CIB Badge

Of all the Medals Upon our Chest From the Battles and War we knew, The one admired as THE VERY BEST
Is the one of Infantry Blue. It is only a rifle upon a wreath,
So why should it mean so much?
That gives it that Magic Touch. To earn this special accolade
You faced the enemy's fire
Whether you survived or not
God dialed that one desired.
For those of us who served the cause
It is the

CIB Badge

67- The ‘War at Home’ lingers — due to Media editors

Since Veterans’ stories are becoming more and more prevalent to be published on the Internet, some projects (like ORAL HISTORY PROJECTS for certain groups or minorities) want to publish their content from interviews they have had, especially with combat infantrymen. In our case, it was the story I told about my experiences in the Vietnam War.

This episode deals with the experience of one of these Veterans Oral History Projects — and the struggle to tell the story without the meddling of media editors who want to change the truth to promote their own agenda, and to retell history– but retell it THEIR WAY — which could many times not be the truth, and thus, put the veteran in a negative and unfair light.

OralProject-Latino-web site

As you will hear in this brief audio episode, my own story was delivered in the form of a video interview for this type of oral history project from the University of Texas.

However, the web posting was going to be edited from my story by one of the project editors. This is where the issue started.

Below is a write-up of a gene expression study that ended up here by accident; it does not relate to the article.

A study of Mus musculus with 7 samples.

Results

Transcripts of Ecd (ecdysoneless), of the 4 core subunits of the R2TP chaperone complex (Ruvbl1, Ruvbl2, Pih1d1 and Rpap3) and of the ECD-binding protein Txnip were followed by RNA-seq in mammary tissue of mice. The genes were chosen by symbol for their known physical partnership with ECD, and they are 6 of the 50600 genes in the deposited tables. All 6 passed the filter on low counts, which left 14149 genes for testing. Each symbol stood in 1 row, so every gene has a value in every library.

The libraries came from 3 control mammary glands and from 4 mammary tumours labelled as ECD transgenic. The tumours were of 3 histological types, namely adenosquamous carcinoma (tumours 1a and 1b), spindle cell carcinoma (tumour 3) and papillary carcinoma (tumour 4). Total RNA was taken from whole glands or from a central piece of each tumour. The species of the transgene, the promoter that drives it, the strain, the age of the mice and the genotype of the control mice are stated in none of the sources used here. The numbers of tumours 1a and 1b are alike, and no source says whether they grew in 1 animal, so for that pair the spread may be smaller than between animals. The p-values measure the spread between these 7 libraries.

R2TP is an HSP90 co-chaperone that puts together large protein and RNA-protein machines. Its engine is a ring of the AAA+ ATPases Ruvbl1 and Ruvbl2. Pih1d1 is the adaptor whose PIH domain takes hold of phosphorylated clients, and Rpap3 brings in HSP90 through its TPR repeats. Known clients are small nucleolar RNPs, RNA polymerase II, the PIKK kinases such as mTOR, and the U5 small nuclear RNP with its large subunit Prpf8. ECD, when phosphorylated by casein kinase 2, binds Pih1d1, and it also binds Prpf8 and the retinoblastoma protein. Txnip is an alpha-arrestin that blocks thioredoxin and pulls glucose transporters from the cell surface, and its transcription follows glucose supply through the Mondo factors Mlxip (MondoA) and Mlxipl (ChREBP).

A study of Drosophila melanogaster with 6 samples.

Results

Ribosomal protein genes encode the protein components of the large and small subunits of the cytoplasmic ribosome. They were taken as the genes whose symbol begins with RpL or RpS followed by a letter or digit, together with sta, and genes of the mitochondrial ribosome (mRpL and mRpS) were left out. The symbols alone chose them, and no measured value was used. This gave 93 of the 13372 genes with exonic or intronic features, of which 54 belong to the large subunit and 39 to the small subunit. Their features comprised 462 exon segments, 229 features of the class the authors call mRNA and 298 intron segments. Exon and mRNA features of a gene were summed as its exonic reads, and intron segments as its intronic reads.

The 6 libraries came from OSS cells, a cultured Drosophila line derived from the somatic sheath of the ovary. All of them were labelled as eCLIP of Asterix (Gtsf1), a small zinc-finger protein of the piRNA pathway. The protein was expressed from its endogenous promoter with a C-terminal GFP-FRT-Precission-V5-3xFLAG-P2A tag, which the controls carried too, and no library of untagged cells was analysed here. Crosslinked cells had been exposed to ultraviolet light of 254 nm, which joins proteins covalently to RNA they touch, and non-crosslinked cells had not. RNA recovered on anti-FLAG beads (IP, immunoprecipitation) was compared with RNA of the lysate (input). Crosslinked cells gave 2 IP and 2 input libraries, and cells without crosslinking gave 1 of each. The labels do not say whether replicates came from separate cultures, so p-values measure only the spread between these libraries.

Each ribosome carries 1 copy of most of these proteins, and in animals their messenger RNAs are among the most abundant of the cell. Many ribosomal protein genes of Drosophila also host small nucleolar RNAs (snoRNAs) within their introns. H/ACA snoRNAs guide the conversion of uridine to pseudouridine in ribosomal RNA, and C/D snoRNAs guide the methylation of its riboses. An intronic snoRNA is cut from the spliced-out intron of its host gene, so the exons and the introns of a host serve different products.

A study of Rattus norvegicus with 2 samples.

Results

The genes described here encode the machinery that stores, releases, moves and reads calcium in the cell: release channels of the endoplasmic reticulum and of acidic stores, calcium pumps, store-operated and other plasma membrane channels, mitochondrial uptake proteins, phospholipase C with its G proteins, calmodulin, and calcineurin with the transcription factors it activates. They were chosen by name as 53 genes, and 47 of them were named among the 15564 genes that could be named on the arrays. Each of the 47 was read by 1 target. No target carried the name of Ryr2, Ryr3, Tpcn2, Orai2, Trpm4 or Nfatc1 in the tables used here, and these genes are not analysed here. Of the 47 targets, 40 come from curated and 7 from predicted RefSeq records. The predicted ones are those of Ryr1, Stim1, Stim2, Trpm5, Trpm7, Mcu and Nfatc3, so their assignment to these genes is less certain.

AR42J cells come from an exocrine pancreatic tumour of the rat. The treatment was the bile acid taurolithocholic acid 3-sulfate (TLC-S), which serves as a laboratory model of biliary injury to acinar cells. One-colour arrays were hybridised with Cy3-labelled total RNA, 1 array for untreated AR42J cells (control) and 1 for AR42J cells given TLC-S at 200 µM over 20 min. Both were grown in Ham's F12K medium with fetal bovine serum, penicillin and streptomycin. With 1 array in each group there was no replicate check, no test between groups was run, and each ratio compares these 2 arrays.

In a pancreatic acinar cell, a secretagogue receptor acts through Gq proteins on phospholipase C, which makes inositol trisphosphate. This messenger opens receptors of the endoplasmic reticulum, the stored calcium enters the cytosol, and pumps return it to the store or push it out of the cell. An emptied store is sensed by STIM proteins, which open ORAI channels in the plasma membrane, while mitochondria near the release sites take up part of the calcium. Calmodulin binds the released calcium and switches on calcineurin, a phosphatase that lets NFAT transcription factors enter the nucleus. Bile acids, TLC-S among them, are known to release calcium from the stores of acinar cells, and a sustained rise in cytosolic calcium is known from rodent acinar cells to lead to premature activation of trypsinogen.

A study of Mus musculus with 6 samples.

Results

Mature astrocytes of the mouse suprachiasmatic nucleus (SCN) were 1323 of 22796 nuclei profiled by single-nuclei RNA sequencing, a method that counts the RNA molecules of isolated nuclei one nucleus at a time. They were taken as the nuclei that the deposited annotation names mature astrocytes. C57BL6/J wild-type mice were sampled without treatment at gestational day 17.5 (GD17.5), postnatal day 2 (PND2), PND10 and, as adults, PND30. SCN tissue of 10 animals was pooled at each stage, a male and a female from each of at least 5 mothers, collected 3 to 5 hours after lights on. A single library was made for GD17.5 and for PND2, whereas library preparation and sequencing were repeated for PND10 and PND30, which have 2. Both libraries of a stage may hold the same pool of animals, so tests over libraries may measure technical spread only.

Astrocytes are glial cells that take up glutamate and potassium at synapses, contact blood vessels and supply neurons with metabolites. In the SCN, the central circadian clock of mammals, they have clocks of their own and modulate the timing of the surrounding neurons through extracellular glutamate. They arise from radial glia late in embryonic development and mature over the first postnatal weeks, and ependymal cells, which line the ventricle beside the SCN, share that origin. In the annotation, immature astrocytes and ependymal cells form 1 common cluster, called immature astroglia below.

As you can see from the web site where the story was finally posted, the editor took liberties that no journalist or media editor should ever do. She literally CHANGED my story and added her own agenda, politcal point of view and words (which were NOT mine and contradicted my story and content) — and this was unacceptable.

What this did was bring back the intrusive thoughts of THE WAR AT HOME (which we, as combat infantrymen, suffered from when we returned from combat). For those who are combat veterans of the Vietnam war, we remember all too well the rejection of an ungrateful American public and the mistreatment we received — mainly from our own peers of our generation (who, as you will hear, sometimes can be spotted today as having the yellow ribbons with “support our troops” written on them–what hypocrites!). We also remember how the media lied about us, pictured us as “psychos, baby-killers and dope-addicts” and how they tried to spin their content to suit their sensationalism and sometimes just plain LIE.

Well, this content spun by the editor of my story caused me anger and frustration. We went many rounds of dialogue, where I specifically mentioned that her content was not valid, and I finally put my story that I wanted to be told in quotation marks with a warning that she was NOT TO CHANGE WHAT I SAID IN ANY WAY (otherwise, I would not sign a release for my story to be published). After nearly six rounds of frustration and warnings in this confrontation, the story was finally told with my quoted content, and this editor finally quit trying to change my story to suit her political agenda — or, as they would try to defend this practice by saying that they were just “adding their own value.”

Just a word of caution to veterans who tell their story to these projects that are titled as “ORAL HISTORY” ones — do not sign releases or give permission for these editors to publish what THEY want and spin your truth to suit their political views or their agenda.  Read everything and hear everything they will say about you and your story

Your signed release for these projects to publish your story is your weapon to safeguard the truth AS YOU TOLD IT — not as they will spin it to promote it as what could be construed as propaganda.

Select this link to listen to the audio episode in another window.